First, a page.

March 19, 2015

Saving Private Files: What extortionists demand for decrypting user data



Saving Private Files

Computer users in many countries are increasingly falling victim to so-called encryption malware – programs that encrypt important data on infected computers and then demand a ransom to decrypt it.

In 2014, over 7 million attempts to carry out such attacks were made against Kaspersky Lab users alone.

Kaspersky Lab experts have prepared an overview of the evolution of encryption malware, as well as advice on how to avoid being affected by this threat.

Encryption malware gets special attention because cybercriminals are continually changing the tools they use, including cryptographic schemes, code confusion techniques, executable file formats, and infection vectors.

This type of malware is usually distributed via spam or attacks against remote administration systems.

The persistence of this form of extortion is easily explained: unlike banking Trojans, which generate an ‘income’ only if the victim uses online banking, a piece of encryption malware, having once infected a computer, will always find something to encrypt and hold to ransom.

Cybercriminals prefer to be paid in the Bitcoin cryptocurrency, which offers them a sufficiently high level of anonymity.

At the same time, it is common for attackers to specify their rates in real-world currencies, such as US dollars, euros or rubles.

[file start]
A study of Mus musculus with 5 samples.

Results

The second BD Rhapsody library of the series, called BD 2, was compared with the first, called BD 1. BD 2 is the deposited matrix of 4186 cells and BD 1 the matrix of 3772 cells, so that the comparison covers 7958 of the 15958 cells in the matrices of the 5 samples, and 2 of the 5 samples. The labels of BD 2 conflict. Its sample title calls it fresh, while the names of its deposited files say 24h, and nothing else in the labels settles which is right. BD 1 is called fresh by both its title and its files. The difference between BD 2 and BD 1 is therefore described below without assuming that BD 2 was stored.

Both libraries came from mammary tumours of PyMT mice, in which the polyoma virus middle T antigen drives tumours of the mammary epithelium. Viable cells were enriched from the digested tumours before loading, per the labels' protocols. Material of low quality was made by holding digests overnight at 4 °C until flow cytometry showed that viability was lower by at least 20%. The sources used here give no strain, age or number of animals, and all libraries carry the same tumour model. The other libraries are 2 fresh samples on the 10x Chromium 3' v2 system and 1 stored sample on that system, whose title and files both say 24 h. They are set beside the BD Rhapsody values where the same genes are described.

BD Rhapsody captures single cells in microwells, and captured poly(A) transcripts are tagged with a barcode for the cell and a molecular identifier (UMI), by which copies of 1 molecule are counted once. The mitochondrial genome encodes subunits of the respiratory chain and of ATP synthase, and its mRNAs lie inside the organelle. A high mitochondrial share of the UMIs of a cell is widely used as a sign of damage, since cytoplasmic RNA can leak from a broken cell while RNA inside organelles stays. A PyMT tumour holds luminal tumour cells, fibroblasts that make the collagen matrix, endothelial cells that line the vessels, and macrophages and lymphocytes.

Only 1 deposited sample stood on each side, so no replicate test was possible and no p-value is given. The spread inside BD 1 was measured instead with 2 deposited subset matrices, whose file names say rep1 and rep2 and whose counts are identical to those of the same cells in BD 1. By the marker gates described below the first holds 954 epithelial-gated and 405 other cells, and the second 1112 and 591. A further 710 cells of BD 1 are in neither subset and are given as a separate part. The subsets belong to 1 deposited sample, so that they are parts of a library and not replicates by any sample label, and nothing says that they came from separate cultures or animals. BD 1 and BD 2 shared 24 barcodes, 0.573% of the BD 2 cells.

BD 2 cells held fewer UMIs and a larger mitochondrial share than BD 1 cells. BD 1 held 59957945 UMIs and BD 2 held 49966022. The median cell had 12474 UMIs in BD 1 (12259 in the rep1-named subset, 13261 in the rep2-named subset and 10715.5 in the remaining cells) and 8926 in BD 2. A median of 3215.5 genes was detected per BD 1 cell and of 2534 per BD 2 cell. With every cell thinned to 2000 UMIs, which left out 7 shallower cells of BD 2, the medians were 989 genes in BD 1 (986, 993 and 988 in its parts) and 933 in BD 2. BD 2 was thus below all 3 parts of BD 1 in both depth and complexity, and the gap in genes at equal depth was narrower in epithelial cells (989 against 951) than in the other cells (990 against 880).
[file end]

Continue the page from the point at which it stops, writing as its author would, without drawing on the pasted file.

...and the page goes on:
The cost of decrypting data for home users starts at 1000 rubles (about $15 or P660) but can be as high as several hundred dollars.

If a corporate computer is infected, the attackers’ demands increase five-fold. Cybercriminals are known to have demanded ransoms as high as 5000 euros to decrypt files.

Sadly, companies that have lost their data often prefer to pay up rather than lose important information.

It comes as no surprise, therefore, that businesses are a prime target for cybercriminals who use encryption malware to make money.

“If files have been successfully encrypted and there is no backup copy, the user has little chance of getting their data back. It would take a mistake by the attacker in terms of the design or implementation of the encryption scheme for a user to be able to decrypt the files - and this rarely happens now,” said Artem Semenchenko, malware analyst at Kaspersky Lab.

“This is why it is important to regularly back up important data and store the backup copies separately from the computer system. We also recommend using the latest versions of security solutions for protection. The System Watcher module included in all our current products not only scans the processes launched in the system and identifies any malicious activity, but also backs up user files if a suspicious program attempts to access them. If the analysis of a program indicates it is malicious, user data is automatically recovered,” Semenchenko advised.